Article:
It’s a testament to the impact Jarryd Hayne had on the game at the back end of the 2009 season that the Eels’ charge to the Grand Final is still largely seen as the end product of his extreme talents. But in the years following the stunning run, Hayne has become one of the most divisive figures in the rugby league world.
He has been widely blamed for the sacking of Gold Coast Titans’ head coach Neil Henry as the embers of the club’s 2017 season burned out. Hayne reached peak notoriety as suggestions that his lack of impact on the field, his lack of intensity and desire on the training pitch and his dislike for the authority of Henry were met by reports that the coaching staff didn’t want the former Eels star to be brought to the glitter strip in the first place.
A divisive figure
As 2017 slipped away, and online social media became a cesspool of hate for Hayne, expectation that he would again be given the opportunity to pull on the green and gold of Australia never raised its head. The idea that he could slip back in to a lower-profile role with the Fiji side, as he did way back in 2008, seemed the more likely outcome.
A brief chat with Fiji coach Mick Potter confirmed Hayne would represent the Bati and hope to use strong performances for Fiji as a catalyst for a return to form as he had done almost a decade ago.
The Eels benefitted greatly from a returned Hayne after his 2008 exploits with Fiji. Titans fans, many of whom are divided on Hayne’s role with the club moving forward, could be forgiven for day-dreaming of what a star like him could do for them if he were able to recapture his best form.
Young playmaker Ashley Taylor, himself the subject of rumour and speculation about a departure away from the glorious holiday destination south of Brisbane, could benefit greatly from an improved impact out of Hayne. It would allow him significantly more creative freedom and the chance to continue his development as a fine young half.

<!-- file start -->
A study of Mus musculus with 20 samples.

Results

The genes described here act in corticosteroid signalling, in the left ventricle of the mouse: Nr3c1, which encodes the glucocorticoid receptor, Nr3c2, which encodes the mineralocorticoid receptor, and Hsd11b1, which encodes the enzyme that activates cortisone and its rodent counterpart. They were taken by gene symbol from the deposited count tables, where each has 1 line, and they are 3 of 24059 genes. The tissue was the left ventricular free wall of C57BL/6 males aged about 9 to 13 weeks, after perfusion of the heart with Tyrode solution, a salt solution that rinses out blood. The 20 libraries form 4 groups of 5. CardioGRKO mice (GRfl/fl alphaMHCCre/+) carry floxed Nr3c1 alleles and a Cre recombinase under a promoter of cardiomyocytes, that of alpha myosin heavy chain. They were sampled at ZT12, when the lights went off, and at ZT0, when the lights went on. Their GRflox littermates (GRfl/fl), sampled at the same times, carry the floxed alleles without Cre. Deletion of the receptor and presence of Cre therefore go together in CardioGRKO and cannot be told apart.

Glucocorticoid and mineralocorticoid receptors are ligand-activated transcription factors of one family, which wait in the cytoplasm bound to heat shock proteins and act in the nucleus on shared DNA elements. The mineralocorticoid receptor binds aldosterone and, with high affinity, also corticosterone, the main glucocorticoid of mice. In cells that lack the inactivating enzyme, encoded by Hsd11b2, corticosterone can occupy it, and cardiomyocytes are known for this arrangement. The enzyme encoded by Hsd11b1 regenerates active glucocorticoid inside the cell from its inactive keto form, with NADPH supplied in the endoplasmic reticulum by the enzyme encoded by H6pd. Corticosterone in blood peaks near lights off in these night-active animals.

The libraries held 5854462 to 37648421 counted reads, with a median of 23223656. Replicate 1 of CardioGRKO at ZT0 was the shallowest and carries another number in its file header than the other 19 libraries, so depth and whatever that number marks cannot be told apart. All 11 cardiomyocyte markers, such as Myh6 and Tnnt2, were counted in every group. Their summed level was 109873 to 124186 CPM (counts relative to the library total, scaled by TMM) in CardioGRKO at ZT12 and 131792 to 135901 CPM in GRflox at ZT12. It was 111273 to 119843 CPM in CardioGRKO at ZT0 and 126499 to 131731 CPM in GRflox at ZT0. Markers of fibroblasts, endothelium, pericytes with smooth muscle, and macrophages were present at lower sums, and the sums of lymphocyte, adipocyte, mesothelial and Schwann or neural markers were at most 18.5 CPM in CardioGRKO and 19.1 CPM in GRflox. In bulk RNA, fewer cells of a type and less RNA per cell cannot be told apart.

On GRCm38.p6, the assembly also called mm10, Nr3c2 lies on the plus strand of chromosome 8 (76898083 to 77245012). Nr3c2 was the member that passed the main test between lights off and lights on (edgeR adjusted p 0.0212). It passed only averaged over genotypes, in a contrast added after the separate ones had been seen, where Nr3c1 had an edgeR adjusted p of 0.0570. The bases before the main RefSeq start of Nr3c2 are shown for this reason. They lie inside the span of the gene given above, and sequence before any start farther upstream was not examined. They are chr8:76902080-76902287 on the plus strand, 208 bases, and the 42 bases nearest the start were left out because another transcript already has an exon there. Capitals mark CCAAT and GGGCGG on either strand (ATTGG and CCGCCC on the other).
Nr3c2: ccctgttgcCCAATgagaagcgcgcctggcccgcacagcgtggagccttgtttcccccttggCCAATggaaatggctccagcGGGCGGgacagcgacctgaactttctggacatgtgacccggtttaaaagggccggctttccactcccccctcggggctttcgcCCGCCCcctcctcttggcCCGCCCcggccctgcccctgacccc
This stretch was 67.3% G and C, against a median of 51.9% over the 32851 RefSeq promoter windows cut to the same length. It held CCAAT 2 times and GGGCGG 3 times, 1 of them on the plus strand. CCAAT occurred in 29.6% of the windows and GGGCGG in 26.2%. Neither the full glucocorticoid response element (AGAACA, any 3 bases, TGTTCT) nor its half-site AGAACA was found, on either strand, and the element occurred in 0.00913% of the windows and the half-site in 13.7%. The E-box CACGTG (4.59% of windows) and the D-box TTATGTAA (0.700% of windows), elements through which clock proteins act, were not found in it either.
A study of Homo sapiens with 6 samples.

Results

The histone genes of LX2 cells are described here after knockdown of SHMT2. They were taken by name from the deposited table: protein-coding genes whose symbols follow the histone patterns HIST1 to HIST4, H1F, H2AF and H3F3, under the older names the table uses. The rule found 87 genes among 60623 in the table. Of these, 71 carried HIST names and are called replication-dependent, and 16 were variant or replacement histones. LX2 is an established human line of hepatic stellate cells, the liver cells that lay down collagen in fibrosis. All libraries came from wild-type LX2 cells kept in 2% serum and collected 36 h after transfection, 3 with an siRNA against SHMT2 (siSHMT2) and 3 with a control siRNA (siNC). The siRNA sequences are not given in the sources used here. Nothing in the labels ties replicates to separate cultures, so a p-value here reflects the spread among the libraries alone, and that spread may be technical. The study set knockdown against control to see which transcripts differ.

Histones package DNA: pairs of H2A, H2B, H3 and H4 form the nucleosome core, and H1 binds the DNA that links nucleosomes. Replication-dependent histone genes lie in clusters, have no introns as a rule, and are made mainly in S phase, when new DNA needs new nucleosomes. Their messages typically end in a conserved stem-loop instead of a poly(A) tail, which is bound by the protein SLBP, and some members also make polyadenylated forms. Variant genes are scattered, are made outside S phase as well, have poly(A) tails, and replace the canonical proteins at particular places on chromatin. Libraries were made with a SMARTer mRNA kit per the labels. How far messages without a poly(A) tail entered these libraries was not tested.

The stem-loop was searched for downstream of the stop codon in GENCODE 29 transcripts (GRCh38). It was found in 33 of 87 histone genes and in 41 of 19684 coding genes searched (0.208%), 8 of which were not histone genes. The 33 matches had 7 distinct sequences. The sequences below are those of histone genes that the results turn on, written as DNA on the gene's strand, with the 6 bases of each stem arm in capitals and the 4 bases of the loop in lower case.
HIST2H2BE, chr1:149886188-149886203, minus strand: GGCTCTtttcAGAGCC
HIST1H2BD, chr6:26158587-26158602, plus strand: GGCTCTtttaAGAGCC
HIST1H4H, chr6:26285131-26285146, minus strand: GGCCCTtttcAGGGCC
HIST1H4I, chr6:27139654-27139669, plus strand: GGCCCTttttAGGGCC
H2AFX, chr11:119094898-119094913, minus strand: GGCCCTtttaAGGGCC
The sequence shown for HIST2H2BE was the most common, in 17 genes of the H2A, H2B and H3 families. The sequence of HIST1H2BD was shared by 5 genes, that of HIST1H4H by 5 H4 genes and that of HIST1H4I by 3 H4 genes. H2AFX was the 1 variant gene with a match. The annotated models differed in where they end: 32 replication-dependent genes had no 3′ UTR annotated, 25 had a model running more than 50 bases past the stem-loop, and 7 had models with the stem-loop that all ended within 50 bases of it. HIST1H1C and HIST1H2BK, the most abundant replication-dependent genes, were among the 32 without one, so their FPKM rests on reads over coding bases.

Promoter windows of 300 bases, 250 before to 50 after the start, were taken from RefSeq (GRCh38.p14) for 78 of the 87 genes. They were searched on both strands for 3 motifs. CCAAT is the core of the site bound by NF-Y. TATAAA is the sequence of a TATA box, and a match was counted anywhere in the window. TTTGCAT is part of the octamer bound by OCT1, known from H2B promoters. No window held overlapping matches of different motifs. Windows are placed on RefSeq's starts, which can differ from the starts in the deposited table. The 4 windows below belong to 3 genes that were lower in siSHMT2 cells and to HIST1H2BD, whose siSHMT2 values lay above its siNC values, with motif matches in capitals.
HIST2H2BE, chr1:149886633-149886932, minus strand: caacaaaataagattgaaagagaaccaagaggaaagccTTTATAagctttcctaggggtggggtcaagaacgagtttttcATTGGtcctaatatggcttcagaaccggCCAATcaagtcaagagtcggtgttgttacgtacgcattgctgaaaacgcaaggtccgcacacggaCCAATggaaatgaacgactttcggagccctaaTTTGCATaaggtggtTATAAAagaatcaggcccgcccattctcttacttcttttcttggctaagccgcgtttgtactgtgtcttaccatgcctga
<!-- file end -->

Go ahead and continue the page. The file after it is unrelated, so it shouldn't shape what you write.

Back to the future for Hayne
Hayne was part of all three State of Origin games for the New South Wales Blues in 2017, which included a strong performance in game one as the Blues dominated a stunned Queensland outfit on home soil. But as with many in the side, games two and three saw marked declines in application, effort and performance, with results dipping again. Queensland would win another series and many were quick to label Hayne as one of the key reasons the Blues struggled.
Before trying his hand at the American style of football in late 2014, and earning a gig catching punts and kicks with the San Francisco 49ers, Hayne had sparkled as one of the best players in the series as the Blues ended an eight-year winning streak by the Queensland Maroons. The player that Hayne was used to be could not have felt more distant as 2017 ground to a shuddering halt for Hayne and the Titans.
Reports suggest that Hayne looks a more relaxed and comfortable man in and around the Fiji playing group in the buildup to the World Cup. That bodes well for Potter and the thousands of Fijians counting on him and their team to put together a memorable campaign.
But this tournament could act, once again, as a springboard for Hayne to recapture the golden form of his career. Gold Coast Titans fans will certainly be hoping that this is the case ahead of 2018.